Cincinnati -- Lumbering rhinos and elephant-like Stegodons are not the type of animal you would expect to find deep inside a mountainous cave, but those are exactly the type of animals showing up in large numbers in prehistoric deposits in the Panxian Dadong Cave in southern China.
Lynne Schepartz, a paleoanthropologist at the University of Cincinnati, will report on results from this year's field season in Dadong Saturday, March 28 during the annual meeting of the Society for American Archaeology in Seattle. "We have a lot of animals turning up in that cave that don't live in caves," said Schepartz. "The big question is, how did they get there?"
Schepartz said it is unlikely that the animals wandered into the cave on their own. Rhinos are grazers and Stegodons are browsers, normally found in more open areas. In addition, rhinos tend to be solitary animals while in the Dadong cave, large numbers of rhino remains were discovered in the ancient deposits.
Another possibility involves carnivores. Packs of animals could have killed the large mammals and dragged them back to their dens. However, a close analysis of the bone fragments revealed a definite human touch. "Clearly humans are doing something with the bones, because we're finding them burnt," said Schepartz. "There are cut marks. We found a beautiful example of a percussion damage mark where the bone had been pounded, probably by a stone tool. The same piece has a cut mark and was burnt. Everything you could do as a prehistoric person to damage a bone has been done."
Schepartz is working with a team of researchers, including Sari Miller-Antonio of California State University, Deborah Bakken of the Field Museum of Natural History in Chicago and archaeologists at the Institute of Vertebrate Paleontology and Paleoanthropology of Beijing.
The Panxian Dadong Cave was recently named a national preservation site by the Chinese government, one of the few prehistoric sites to receive that designation. Miller-Antonio will also be presenting at the Seattle meeting, discussing the collaboration in greater detail.
Schepartz's research focuses on the evolution of complex behaviors, and the cave findings so far provide evidence that early humans in southern China had the ability to think symbolically and solve problems. The rhinoceros and Stegodon findings, however, raised even more questions for Schepartz and her collaborators.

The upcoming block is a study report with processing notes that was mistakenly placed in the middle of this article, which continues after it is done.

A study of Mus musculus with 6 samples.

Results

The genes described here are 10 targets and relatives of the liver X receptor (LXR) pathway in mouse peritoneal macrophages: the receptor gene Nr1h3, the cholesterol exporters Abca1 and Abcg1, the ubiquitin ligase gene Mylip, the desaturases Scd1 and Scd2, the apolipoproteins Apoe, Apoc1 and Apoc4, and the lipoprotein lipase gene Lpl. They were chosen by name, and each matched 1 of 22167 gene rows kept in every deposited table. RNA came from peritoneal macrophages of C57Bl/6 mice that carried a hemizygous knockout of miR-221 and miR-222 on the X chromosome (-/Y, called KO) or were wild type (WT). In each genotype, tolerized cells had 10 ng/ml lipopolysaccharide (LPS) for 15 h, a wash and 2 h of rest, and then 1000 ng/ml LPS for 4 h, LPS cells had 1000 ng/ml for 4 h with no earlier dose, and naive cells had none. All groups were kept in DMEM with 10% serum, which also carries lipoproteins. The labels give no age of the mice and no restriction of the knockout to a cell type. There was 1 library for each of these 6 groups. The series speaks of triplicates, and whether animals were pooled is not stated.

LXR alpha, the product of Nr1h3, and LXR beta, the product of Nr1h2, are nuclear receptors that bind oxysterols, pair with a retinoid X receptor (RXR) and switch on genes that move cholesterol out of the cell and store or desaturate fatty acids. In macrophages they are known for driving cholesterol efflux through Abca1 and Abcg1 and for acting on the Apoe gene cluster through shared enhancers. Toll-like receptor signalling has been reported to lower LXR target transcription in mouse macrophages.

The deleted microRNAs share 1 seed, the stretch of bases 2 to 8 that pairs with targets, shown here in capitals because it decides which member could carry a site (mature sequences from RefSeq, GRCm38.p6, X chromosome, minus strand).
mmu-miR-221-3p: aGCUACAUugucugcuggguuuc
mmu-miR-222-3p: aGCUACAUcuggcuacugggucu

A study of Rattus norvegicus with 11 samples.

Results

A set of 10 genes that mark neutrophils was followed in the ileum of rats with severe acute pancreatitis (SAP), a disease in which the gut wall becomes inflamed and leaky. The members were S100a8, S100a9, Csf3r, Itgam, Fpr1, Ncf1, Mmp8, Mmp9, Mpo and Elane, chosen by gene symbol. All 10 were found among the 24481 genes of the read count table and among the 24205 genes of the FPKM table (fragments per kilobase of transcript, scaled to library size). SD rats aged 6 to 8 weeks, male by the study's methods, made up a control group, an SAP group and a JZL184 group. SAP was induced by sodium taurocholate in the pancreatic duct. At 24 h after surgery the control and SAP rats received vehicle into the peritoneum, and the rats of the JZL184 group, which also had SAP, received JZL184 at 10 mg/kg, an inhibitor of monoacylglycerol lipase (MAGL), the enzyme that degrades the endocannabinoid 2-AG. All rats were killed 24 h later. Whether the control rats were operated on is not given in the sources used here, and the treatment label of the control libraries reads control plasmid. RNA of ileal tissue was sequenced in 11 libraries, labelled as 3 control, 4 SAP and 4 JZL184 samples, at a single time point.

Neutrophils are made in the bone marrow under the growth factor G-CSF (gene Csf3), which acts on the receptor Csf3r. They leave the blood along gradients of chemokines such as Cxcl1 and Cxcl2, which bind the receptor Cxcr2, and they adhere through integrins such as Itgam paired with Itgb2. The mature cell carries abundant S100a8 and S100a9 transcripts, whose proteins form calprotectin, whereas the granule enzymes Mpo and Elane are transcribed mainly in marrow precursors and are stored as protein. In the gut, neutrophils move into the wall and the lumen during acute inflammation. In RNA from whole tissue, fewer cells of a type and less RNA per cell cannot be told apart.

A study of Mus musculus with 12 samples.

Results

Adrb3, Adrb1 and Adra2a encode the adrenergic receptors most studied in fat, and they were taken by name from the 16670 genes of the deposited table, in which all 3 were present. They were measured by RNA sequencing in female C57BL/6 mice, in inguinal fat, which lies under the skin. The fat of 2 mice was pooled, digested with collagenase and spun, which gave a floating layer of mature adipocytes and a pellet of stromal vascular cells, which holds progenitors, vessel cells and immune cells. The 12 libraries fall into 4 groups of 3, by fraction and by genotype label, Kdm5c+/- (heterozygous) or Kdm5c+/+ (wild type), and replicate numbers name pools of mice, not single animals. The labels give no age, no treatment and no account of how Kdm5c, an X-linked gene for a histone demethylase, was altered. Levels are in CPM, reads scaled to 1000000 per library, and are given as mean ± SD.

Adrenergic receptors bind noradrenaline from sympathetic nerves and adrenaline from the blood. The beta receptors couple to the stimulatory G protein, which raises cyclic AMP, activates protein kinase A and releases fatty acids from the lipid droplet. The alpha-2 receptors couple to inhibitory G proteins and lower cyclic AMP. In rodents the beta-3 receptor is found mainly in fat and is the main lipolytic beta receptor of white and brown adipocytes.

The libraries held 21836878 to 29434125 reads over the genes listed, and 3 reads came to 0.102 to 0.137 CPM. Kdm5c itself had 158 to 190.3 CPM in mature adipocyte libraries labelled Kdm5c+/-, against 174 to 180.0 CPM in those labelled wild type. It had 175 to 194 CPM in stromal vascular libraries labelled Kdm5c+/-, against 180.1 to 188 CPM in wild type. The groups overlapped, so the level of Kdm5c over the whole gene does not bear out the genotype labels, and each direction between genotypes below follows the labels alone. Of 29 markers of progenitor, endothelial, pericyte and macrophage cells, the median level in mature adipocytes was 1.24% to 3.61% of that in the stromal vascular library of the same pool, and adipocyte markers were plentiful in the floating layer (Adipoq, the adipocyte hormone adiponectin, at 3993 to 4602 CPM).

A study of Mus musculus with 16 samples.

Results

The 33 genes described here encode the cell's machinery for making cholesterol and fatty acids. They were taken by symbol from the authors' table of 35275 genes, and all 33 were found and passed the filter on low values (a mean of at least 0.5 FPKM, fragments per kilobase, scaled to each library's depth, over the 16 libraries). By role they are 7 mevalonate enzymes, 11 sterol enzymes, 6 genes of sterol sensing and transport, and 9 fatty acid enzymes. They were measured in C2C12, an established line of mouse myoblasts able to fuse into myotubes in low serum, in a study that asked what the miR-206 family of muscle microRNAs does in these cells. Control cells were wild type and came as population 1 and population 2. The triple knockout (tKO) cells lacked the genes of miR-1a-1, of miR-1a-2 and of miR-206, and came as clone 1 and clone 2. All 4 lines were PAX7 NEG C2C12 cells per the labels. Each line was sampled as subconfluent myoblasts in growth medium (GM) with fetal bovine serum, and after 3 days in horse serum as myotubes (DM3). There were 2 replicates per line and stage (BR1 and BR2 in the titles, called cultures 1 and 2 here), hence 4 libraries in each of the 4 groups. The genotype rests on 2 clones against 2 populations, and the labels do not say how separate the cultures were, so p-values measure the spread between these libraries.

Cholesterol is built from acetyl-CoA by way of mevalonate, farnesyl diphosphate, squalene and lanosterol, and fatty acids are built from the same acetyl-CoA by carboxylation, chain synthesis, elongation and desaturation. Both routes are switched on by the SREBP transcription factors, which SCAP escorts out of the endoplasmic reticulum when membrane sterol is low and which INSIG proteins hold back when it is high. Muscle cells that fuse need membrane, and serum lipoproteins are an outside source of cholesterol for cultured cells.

"Are they just being eaten? Are other parts being used? We're trying to figure that out. We see real differences in the age distributions of the animals. We have lots and lots of baby Stegodons. In fact, we found evidence of only one adult individual, but many youngsters."
With the rhinos, the story was quite different. All ages were represented in the deposits. That apparently rules out a simple explanation such as young animals were easier to catch or to carry into the cave. "It's not the random taking of game animals, but there are some very conscious decisions about uses and what gets transported back into the cave. Our suspicion is they're probably being used for other purposes," said Schepartz.
The evidence for complex behaviors extends to the stone tools found in the Panxian Dadong Cave during the January and February field season this year. "There's a more intensive use of the better materials, so it's clear the Dadong people were making choices about the material that they used for their stone tools. When they could, they used the best material. That's a very important point about complex behaviors. They're not just picking up anything and making do."
Additional analysis of the animal bones will be done by Wilson Tabor, an analytical chemist in the University of Cincinnati department of environmental health. Many of the bones were badly stained, and the researchers are looking for clear distinctions between chemically altered bones and burnt bone.
Schepartz will also be discussing the project and its implications for language development during the Second International Evolution of Language Conference in London on April 8. Schepartz will argue that there is archaeological evidence that complex language and behaviors evolved well before the appearance of modern humans and much earlier in the Homo line.
The 1998 research in southern China is supported by the
National Science Foundation. Previous expeditions to Dadong took place in 1995 and 1996.